2013 Alumni Award winners announced
The School of Information will be honoring alumni Valeda Dent (MILS ’92) and Nathan Oostendorp (MSI ’09) at the Homecoming Alumni Reception and Awards Ceremony on October 4. Dent, dean of university libraries at Long Island University in New York, will be presented with the school’s 2013 Distinguished Alumni Award. Oostendorp, co-founder of the pioneering manufacturing software company Sight Machine, will be presented with the Entrepreneurial and Innovation Award.
At LIU, Dent oversees a nationally-renowned research library that serves 27,000 students and more than 600 full-time faculty members in a library system that shares more than 90,000 online journals, 200 online databases, 50,000 electronic books and 2.6 million print books.
"I am beyond thrilled to have received this award, especially knowing the caliber of SI alums who number in the thousands,” Dent said. “My experience at SI taught me that being in the profession goes well beyond what we do on a daily basis in our work lives as information professionals—we are in fact responsible for fostering the greater good and making sure that as much as possible, access to information is not bound by politics, poverty, or technology.”
Dent’s distinguished career has seen her publish numerous articles, papers and two books, with her third book due to be published later this year. She has taught at the University of Michigan and Hunter College at both the undergraduate and graduate levels in addition to presenting research in national and international venues on the role of the rural African village library within its community. She also has written about agent technology and its application within libraries, the user experience, and the evaluation of library instruction.
Since traveling in 2004 to the tiny village of Kitengesa, Uganda, Dent has dedicated her life as a scholar and humanitarian to the people there and in similar rural African communities, exploring how access to reading material through these village libraries impacts even the youngest library users. (See a video of her adopted village and her work there.)
Recently, Dent was awarded a Fulbright Fellowship and will be teaching at Uganda Martyrs University in 2014 while continuing to research the various ways that the Kitengesa Community Library is affecting the community it serves. She hopes her work will support the development of similar village libraries elsewhere in Africa and encourage the growth of educational opportunities by increasing the focus on childhood literacy.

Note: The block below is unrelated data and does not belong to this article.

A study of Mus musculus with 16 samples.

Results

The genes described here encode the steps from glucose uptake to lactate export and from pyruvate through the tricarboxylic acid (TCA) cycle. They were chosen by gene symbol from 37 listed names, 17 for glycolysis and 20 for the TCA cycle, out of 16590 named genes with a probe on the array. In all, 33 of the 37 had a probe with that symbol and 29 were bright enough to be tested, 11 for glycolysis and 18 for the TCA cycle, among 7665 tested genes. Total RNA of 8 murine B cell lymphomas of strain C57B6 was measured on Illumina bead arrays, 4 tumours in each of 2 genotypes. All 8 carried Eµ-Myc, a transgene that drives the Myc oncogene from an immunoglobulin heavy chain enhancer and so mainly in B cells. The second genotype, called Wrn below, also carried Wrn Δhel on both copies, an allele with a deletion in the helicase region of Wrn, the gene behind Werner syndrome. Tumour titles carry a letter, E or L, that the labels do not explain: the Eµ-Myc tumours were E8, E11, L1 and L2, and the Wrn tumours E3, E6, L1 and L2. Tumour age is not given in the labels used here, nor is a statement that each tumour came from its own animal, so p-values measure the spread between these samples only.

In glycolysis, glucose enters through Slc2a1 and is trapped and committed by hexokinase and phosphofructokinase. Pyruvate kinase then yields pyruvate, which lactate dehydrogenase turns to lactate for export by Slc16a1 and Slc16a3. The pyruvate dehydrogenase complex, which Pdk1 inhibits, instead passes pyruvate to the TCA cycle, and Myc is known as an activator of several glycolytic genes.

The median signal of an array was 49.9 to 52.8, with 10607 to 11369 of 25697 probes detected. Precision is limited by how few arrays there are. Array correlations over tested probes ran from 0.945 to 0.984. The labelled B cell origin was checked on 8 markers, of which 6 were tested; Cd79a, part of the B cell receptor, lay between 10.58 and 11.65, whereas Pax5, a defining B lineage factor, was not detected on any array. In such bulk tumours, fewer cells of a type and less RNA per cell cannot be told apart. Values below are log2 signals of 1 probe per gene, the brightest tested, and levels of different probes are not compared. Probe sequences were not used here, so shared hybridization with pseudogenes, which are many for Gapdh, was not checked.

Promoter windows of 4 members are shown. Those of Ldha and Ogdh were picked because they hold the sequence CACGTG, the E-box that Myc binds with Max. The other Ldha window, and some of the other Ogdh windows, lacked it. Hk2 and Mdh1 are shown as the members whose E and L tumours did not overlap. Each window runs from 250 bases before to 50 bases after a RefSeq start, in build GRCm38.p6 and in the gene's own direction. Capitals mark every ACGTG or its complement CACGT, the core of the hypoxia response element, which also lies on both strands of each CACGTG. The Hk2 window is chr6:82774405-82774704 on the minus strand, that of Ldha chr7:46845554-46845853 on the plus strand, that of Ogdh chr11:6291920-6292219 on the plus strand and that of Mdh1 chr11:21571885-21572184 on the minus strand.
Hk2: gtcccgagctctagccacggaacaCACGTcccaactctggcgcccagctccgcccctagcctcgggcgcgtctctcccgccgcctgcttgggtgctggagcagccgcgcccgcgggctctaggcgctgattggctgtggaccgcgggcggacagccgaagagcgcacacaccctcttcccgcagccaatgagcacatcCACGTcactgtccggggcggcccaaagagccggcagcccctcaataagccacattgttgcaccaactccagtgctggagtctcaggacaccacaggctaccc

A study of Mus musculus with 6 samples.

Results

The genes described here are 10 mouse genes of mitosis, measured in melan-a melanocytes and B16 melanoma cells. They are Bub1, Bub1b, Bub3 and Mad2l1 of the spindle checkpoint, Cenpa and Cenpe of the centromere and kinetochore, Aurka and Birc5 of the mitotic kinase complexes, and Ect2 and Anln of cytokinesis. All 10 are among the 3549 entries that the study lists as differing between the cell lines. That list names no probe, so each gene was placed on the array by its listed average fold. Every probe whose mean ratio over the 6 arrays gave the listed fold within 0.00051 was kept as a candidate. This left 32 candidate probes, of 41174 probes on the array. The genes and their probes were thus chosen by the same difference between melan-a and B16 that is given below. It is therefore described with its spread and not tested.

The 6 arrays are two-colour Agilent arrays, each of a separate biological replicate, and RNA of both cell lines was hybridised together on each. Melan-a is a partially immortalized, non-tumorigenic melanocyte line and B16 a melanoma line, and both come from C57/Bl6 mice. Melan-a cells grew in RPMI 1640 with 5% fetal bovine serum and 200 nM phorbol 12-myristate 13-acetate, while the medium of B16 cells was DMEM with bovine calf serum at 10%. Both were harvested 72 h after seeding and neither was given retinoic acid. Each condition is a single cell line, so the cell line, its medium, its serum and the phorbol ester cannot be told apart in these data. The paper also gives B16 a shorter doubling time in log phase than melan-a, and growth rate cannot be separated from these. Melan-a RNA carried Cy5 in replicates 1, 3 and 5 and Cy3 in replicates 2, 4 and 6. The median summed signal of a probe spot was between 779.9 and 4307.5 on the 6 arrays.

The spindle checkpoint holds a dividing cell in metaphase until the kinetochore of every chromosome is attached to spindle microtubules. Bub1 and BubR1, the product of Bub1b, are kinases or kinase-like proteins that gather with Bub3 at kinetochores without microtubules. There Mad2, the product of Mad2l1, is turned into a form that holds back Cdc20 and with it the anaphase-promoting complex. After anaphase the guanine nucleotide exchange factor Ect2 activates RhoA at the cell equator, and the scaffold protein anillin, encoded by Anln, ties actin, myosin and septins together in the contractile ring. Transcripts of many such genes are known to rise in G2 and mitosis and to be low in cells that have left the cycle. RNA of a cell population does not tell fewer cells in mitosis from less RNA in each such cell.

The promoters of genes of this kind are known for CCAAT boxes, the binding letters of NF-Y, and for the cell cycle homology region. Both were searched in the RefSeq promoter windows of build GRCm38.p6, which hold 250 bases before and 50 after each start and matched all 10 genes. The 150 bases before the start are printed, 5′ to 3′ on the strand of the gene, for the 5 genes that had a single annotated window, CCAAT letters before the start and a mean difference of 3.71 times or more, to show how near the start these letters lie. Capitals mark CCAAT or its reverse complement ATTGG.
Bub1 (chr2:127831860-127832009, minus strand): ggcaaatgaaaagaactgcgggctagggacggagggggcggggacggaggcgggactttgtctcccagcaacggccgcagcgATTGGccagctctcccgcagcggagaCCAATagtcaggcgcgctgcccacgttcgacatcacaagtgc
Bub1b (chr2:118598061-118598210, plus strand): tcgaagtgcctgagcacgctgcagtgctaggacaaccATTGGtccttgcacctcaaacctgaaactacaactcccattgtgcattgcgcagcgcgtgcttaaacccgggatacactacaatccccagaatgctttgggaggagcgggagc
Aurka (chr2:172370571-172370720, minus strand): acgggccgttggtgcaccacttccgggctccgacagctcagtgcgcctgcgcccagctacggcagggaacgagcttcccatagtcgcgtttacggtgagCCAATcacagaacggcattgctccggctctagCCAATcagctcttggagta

“My work in Africa with rural libraries and literacy was heavily influenced by what I learned as an SI student, inside and outside the classroom, and I couldn't be more humbled or proud to have been selected for this award,” Dent said.
Oostendorp’s Sight Machine is an open-source software company that utilizes Internet technologies to solve a broad array of challenges and provide consistent ease of use while reducing the cost of quality-control vision systems for manufacturing and industrial companies.
Despite being a relatively young venture, Sight Machine was featured in The Atlantic, where the company was lauded for being “at the forefront of trying to renovate manufacturing” through mobile technology, analytics and data storage, and improvements in computer-vision technologies.
Prior to establishing Sight Machine, Oostendorp worked as a software architect for SourceForge.net and co-founded Slashdot.org, a source for technology-related news. He has developed several other successful online communities and also has worked in industrial controls.
Oostendorp’s nomination cited his innovative and entrepreneurial efforts as a reflection of what UMSI is trying to instill in the community: delivering innovative solutions to connect people, information and technology.
"It is a great privilege to be recognized with the School of Information's Entrepreneurial and Innovation Award,” Oostendorp said. “The skills and mental infrastructure I gained as a student there put me in a strong position to co-found Sight Machine and I very strongly feel UMSI is positioned to give future leaders the capabilities they need to create enterprises that solve the world’s problems using information."